The Transportation Security Administration should perform only name-based driver checks until a coordinated nationwide security credential program is in place, The American Trucking Associations told a U.S. House subcommittee.
A unified check system database would save time and money and not force carriers to go through multiple state and local check programs, said Dan England, CEO of C.R. England, based in Salt Lake City, in his testimony May 11 on ATA’s behalf.
Hazmat background checks are required for hauling everything from guns and toxic waste to paint and nail polish, England noted. Truckers are subject to additional federal background checks at airports, seaports and the Canadian and Mexican borders, as well as Pentagon checks if hauling arms or ammunition for the Department of Defense, England said. Now states and local governments are beginning to layer on their own background check requirements, England said.
Since Jan. 31, the trucking industry has borne the costs of fingerprint-based background checks federally mandated for the relatively small number of new hazmat applicants, England said. But on May 31, the fingerprint-based checks will be mandated for the estimated 2.7 million drivers seeking hazmat renewals as well.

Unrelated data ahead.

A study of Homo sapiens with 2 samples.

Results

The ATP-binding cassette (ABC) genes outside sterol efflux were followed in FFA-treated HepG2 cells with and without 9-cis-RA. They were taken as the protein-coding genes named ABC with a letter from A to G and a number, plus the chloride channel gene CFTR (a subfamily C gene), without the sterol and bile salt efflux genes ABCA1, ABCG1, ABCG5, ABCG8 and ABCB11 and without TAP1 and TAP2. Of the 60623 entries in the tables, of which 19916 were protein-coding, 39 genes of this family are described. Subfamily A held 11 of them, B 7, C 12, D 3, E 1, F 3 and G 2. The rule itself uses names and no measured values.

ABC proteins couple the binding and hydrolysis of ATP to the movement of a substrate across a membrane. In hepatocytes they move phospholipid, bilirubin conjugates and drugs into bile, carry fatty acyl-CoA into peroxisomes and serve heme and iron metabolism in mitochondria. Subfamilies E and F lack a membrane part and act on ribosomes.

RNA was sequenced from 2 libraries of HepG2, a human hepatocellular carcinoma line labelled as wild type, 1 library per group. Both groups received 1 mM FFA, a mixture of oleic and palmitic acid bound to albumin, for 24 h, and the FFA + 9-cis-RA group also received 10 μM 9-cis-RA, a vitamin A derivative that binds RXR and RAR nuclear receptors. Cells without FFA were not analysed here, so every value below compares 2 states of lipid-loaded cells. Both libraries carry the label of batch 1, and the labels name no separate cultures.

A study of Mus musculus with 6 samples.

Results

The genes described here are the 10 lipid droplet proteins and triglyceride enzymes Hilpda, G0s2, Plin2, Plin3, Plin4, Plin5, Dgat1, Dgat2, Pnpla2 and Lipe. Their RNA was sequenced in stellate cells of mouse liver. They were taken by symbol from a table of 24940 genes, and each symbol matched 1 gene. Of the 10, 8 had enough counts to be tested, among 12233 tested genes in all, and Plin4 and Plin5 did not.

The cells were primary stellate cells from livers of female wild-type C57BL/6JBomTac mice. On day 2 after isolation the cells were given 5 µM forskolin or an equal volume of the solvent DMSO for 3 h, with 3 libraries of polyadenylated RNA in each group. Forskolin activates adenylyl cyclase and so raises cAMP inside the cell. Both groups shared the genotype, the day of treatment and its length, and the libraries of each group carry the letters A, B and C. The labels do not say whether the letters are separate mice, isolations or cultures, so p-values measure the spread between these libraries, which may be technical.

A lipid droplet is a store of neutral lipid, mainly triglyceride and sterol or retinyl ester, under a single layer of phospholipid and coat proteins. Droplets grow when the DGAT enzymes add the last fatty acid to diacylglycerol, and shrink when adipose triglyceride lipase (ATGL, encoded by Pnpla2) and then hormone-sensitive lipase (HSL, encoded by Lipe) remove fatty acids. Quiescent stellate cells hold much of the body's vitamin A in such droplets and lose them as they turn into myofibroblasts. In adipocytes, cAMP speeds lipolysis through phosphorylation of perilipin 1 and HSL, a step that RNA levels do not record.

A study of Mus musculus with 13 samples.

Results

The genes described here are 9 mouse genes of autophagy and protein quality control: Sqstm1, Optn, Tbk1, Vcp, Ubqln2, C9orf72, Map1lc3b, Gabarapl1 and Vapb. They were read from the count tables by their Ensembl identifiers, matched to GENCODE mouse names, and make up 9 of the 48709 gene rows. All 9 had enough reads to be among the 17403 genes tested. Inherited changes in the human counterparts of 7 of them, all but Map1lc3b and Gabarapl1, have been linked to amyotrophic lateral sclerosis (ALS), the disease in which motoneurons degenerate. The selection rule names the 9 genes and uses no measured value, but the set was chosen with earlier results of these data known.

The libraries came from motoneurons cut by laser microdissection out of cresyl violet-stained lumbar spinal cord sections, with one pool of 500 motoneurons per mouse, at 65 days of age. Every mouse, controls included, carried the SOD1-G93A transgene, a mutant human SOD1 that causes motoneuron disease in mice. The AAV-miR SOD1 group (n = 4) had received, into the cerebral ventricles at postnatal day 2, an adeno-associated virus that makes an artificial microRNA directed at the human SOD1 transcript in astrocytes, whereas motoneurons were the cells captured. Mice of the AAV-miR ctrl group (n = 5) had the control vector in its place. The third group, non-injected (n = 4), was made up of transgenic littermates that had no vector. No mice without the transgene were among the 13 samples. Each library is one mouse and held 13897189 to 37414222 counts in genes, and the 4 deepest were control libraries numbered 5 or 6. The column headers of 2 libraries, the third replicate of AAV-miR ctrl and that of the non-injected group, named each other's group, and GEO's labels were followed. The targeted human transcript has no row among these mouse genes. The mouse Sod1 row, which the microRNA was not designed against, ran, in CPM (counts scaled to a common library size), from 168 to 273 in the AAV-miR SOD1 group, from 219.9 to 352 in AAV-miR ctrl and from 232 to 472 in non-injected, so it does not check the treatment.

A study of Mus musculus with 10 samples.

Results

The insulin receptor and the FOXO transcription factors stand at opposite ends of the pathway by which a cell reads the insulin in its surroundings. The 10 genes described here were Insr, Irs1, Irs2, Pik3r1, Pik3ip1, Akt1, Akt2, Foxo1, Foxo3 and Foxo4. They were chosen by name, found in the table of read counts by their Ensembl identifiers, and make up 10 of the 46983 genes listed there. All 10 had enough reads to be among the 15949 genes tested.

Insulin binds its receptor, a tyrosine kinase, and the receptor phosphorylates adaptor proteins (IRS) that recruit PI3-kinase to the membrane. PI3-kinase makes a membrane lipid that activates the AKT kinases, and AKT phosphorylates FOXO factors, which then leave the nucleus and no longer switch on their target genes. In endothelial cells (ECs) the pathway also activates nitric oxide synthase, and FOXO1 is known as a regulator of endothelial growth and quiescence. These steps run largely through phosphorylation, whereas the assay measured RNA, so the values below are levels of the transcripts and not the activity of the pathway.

The same day as England’s testimony, the House subcommittee on highways, transit and pipelines also heard criticism of the background checks from the Teamsters union. The increased costs are unfair to drivers, and the new qualifications will make it difficult, if not impossible, to qualify enough drivers to haul America’s hazmat loads, said Teamsters official Scott Madar.
U.S. Rep. James Oberstar, D-Wis., seemed to agree with both ATA and the Teamsters when he aired his own complaints. “In all my years working with transportation issues, I have never seen such a lack of communication and coordination between agencies as I have with this program,” Oberstar said.